Raise a Glass To Kosher Wine

By Adeena Sussman

Published June 06, 2007, issue of June 08, 2007.

At a sold-out event New York City earlier this year at the Museum of Jewish Heritage, Royal brought together many of its domestic and international brands for a very public showing of just how far the producer feels these wines have come. Kosher chef, cookbook author and TV personality Jeffrey Nathan provided a smorgasbord of upscale kosher food.

“The story of these wines is incredible,” Nathan said. “There’s no longer a cloud hanging over the world of Jewish wine.”

Moving far beyond Manischewitz, Jews are consuming more wine — 20% more in the past two years, according to Martin Davidson, Royal’s director of communications.

And while there were some oddities at the Kosher Food & Wine Experience — for instance, a plum vodka by the manufacturers of Slivovitz that tasted suspiciously like its higher-proof cousin — there was an impressive showing of wines worth savoring.

Some of the most desirable selections came from California’s Herzog Wine Cellars, which recently moved into an impressive new state-of-the-art facility in Oxnard, Calif., located in Ventura County on the coast north of Los Angeles. There, Dan Hurliman, who has been the Herzog winemaker for six years, is crafting a new generation of Herzog vintages. His 2004 chardonnay — aged sur lies (allowing the wines contact with yeast sediments left over from fermentation) and then in American oak barrels — calls to mind Burgundy-style wines, neither too sweet nor over-oaked; they’re the perfect partner for grilled salmon.

Another California standout was Covenant, a cabernet made by Jeff Morgan. A former wine journalist, Morgan began producing a nonkosher rosé wine, SoloRosa, before deciding to make a kosher wine using 100% Napa Valley grapes. “I wanted a challenge,” Morgan said. To make his wines kosher, he brings his grapes to the Herzog facility and supervises the winemaking there. Aside from solid reviews, there has been another result for Morgan: “It’s brought me closer to my faith.”

A proliferation of wines from up-and-coming wine-producing regions was another trend on display. Goose Bay, the first kosher wine from New Zealand, presented a citrus-tinged, mildly spicy sauvignon blanc and a fruit-forward pinot noir begging to be served with a cheese course.

One of the more interesting offerings came from Rothberg Cellars, which hails from the fertile city of Paarl, near Cape Town, South Africa. Rothberg’s pinotage — wine made from a grape that’s a crossbreed between Pinot Noir and Hermitage (also known as Cinsault) is a light-bodied, young wine that packs a healthy wallop of fruit.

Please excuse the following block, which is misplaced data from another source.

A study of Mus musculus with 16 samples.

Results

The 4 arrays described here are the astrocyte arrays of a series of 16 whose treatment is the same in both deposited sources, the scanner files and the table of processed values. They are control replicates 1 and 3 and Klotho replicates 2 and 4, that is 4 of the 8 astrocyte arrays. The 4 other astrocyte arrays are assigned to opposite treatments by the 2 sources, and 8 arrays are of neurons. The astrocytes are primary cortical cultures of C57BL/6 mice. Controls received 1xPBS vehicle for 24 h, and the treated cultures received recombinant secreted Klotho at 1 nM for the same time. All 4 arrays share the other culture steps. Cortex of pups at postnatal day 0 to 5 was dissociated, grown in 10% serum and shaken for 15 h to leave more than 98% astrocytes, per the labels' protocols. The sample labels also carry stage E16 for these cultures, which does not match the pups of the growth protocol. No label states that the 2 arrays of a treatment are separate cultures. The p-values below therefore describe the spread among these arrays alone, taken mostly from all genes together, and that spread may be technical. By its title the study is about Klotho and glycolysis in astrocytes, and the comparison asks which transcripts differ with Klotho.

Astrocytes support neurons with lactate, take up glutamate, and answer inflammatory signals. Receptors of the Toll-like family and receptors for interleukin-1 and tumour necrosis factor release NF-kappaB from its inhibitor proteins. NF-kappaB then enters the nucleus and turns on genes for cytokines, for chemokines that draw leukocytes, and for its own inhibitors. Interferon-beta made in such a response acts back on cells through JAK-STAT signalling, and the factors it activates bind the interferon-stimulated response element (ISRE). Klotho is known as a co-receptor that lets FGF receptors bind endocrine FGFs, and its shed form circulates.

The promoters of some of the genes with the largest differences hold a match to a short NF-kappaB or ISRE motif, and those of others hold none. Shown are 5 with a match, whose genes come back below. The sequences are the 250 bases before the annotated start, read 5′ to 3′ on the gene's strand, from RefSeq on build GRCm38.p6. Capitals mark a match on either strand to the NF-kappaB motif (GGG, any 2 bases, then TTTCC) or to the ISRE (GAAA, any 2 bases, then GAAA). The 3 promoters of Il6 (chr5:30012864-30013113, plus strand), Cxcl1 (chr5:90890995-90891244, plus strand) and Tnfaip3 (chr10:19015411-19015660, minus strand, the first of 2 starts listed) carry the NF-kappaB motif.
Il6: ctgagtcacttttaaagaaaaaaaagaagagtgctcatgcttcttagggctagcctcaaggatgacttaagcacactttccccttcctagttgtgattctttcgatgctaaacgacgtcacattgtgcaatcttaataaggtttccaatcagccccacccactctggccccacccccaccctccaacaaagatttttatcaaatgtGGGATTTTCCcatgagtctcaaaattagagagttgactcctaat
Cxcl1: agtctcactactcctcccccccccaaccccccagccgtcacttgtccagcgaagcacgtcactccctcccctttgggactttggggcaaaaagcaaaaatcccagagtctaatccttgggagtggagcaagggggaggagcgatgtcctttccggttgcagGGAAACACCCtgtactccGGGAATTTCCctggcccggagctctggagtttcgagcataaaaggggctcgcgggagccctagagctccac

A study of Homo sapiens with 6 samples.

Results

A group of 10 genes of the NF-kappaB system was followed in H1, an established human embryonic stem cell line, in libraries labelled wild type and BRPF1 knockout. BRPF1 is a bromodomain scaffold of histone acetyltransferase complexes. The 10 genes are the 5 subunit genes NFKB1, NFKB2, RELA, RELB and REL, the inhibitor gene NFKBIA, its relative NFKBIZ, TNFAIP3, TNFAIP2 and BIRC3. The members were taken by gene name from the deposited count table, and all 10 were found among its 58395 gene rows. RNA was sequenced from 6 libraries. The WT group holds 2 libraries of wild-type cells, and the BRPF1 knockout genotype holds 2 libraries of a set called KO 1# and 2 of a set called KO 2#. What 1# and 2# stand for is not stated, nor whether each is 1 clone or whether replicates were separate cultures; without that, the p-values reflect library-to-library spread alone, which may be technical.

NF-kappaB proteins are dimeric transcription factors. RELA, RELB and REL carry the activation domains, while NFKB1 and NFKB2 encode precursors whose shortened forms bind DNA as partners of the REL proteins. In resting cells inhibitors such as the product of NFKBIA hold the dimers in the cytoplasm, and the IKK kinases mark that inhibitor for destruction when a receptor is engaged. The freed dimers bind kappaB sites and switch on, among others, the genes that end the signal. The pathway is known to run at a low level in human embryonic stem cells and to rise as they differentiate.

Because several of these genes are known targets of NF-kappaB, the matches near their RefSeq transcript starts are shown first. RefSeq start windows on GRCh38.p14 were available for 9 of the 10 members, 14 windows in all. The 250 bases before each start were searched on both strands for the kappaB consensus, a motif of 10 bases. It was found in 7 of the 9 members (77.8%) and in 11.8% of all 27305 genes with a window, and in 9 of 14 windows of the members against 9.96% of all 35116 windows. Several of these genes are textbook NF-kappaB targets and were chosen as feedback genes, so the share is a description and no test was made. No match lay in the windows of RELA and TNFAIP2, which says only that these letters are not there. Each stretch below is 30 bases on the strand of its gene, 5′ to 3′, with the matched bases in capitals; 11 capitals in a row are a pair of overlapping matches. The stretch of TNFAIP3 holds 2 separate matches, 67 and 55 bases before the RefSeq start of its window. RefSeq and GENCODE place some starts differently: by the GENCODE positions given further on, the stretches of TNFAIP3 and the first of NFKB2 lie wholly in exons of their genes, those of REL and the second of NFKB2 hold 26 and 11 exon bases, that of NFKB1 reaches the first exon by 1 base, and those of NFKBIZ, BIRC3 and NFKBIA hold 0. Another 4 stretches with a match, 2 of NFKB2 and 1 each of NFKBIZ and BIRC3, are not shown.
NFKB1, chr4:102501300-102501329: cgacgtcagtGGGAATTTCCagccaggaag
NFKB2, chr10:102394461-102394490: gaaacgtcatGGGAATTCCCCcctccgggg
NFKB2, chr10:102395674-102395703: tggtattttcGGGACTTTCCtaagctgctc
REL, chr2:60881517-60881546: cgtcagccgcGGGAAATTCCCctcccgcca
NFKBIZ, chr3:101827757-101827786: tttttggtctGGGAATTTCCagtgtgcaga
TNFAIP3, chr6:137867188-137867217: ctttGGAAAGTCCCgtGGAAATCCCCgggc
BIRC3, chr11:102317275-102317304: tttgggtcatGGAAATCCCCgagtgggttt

Probably the most excitement is being generated around Israeli wines, whose production has exploded in recent years as experienced, passionate winemakers have finally figured out ways to best exploit the grape-friendly territory. In a country plagued with practically constant political strife, the wine industry is something everyone can feel good about.

Some of Israel’s most buzz-worthy kosher wines are coming out of Domaine du Castel under the tutelage of Eli Ben Zaken, a secular Israeli Jew who was previously the owner of a popular (and now-closed) kosher restaurant in Jerusalem, Mamma Mia. In the late ’80s he began planting grapes in the Judean Hills, dubbing the region “Haute Judée” as he crafted French-style wines with serious chops. At their winery on Moshav Ramat Raziel, Ben Zaken and his family have developed a cult following among connoisseurs and critics in the United States. A few years ago, Castel became kosher; all of its wines are superb. Its Grand Vin, a blend of Cabernet Sauvignon and Merlot grapes with a bit of Petit Verdot thrown in for good measure, makes a perfect match for steak or lamb skewers.

I also liked the offerings from Segal vineyards, an offshoot of Israeli giant Barkan. Segal, which began as a vodka-making concern in Russia 200 years ago, before its owners immigrated to Israel and began making wines in the 1940s, considers itself the pioneer of winemaking in Israel’s northern Galilee region. Its less expensive fusions, available in both white and red blends, combine popular grapes to make food-friendly, drinkable wines. Its more expensive unfiltered, single-vineyard cabernet sauvignon was also a winner, with hints of spice and satisfying tannins.

One of my favorite sips of the evening came from Gush Etzion Winery. While Shraga Rosenberg is producing a whole line of respectable wines at his 11-year-old winery located in the Israeli settlement of Gush Etzion, I couldn’t resist his sour cherry wine — a maceration of cherries, sugar and alcohol that was the liquid embodiment of a warm, late-summer sour cherry pie.

Adeena Sussman is a food writer and chef living in Manhattan. Next year she will begin organizing culinary tours to Israel.